Seventeen doesn’t stick to its own “Body Peace Project” terms
For a few years now, Seventeen magazine has reserved a section of their magazine and web site for their Body Peace Project, which features Body Peace role models, a Body Peace Panel that provides advice for readers, a blog, and other body-positive features. The basic mission of the “Body Peace Project” is to dispel the negative body image so overwhelmingly common in teenage girls as well as promote healthy self-esteem. In fact, in the Body Peace Treaty that girls are encouraged to sign, Seventeen advises readers to “know that I am already beautiful the way I am” and to “not let my size define me.”
Nice one, Seventeen. Can you please explain to me, then, why the rest of your magazine is covered with airbrushed models, headlines that scream ways to get my “best body ever” or make my body “bikini-ready,” and tips to use clothing to make myself look taller and leaner?
Don’t get me wrong—I absolutely believe in body peace. I mean, honestly, that’s one of the most pertinent issues in society today: girls need to learn to make peace with and love their bodies, and I’ll at least commend Seventeen for even featuring a section like this. It’s more than can be said for Teen Vogue or other teen magazines. But really, Seventeen, if you’re going to talk the talk, then please walk the walk.
Just having a page or two dedicated to body peace is not enough if these messages are countered, with a simple flip of a page, with articles on how to exercise my way to flat abs or how to dress myself in clothes that promise to make my waist appear smaller. Seventeen can’t actually support girls of all shapes and sizes with this campaign while simultaneously endorsing poor self-image through its advertising (I’m sick of the same malnourished models frequenting the magazine’s pages) and articles focused on “helping” girls contour their bodies to match an unachievable ideal—that’s the sad truth.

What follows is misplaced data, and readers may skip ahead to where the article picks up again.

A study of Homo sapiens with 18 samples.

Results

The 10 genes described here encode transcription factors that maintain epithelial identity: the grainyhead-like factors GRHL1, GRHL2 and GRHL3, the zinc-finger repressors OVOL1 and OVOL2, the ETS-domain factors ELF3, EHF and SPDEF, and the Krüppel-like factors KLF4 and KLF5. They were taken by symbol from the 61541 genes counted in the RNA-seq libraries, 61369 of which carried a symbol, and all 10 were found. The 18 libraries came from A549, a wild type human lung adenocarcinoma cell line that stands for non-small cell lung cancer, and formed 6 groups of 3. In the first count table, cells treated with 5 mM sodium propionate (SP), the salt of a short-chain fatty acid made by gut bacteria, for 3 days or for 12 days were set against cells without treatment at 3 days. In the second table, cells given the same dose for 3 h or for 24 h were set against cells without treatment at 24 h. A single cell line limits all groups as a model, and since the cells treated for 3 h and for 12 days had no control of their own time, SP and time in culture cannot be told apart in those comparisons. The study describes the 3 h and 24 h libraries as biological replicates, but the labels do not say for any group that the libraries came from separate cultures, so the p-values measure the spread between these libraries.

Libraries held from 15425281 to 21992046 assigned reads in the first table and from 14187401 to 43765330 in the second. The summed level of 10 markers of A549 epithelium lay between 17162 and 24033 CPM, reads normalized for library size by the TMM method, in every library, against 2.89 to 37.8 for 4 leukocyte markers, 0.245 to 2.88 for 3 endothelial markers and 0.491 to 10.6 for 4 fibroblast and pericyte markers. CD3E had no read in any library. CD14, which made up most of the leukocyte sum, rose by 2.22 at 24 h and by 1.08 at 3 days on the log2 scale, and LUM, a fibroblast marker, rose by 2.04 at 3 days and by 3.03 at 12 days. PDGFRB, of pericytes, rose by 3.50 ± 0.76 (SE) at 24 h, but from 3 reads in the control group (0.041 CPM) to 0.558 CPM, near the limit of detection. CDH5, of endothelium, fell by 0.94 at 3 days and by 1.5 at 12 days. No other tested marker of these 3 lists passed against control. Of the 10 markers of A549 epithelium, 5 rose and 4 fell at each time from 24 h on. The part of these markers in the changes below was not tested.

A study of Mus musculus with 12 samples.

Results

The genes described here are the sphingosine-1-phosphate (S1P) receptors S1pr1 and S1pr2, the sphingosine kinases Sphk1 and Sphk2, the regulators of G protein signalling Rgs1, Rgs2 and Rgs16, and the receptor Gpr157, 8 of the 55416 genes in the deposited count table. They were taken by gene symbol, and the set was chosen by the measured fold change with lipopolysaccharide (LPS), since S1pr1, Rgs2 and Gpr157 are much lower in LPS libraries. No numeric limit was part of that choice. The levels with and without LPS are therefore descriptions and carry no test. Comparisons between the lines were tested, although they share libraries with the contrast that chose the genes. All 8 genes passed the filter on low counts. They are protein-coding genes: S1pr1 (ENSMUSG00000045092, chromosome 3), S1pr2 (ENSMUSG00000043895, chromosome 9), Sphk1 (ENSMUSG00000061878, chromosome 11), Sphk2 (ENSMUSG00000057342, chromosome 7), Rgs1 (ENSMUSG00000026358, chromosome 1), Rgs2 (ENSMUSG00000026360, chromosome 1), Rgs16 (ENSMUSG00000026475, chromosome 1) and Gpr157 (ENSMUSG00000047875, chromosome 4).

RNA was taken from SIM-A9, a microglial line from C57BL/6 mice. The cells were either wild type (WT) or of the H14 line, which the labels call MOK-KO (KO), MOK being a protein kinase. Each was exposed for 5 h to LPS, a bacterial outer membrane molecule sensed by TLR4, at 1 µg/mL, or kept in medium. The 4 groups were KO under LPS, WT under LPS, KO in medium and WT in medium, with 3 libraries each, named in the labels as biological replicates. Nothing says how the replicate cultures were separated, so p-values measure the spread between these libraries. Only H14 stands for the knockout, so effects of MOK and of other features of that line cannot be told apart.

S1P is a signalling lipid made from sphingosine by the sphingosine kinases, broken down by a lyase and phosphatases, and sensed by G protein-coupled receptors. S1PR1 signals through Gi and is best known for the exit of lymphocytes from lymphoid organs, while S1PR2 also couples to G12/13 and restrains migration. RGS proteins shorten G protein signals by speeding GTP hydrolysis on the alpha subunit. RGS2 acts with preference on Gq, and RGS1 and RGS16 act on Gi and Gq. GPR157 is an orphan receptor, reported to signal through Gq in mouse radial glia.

Actions speak louder than words, and until Seventeen actually shows their readers that they support body peace—by featuring more than just thin girls (with not just boobs, but a butt and thighs, too) in the ads they choose to promote and eliminating subtle but powerful messages in their articles that attack our bodies—then they aren’t upholding their end of the Body Peace goal.
And that goal is this: that no matter what weight or height we are, and no matter what skin or hair color we possess, we will learn to love our bodies unabashedly and without shame.
For those that the “Body Peace Project” has helped, that’s no small feat, and congratulations. I still, however, believe that Seventeen’s body peace initiative is not upheld by the rest of the magazine. Seventeen will have to promote positive body image with sincerity before I will be able to fully appreciate their Body Peace Project.
If you would like to contact Seventeen magazine with comments or constructive criticism about the “Body Peace Project,” you can email them at email@example.com.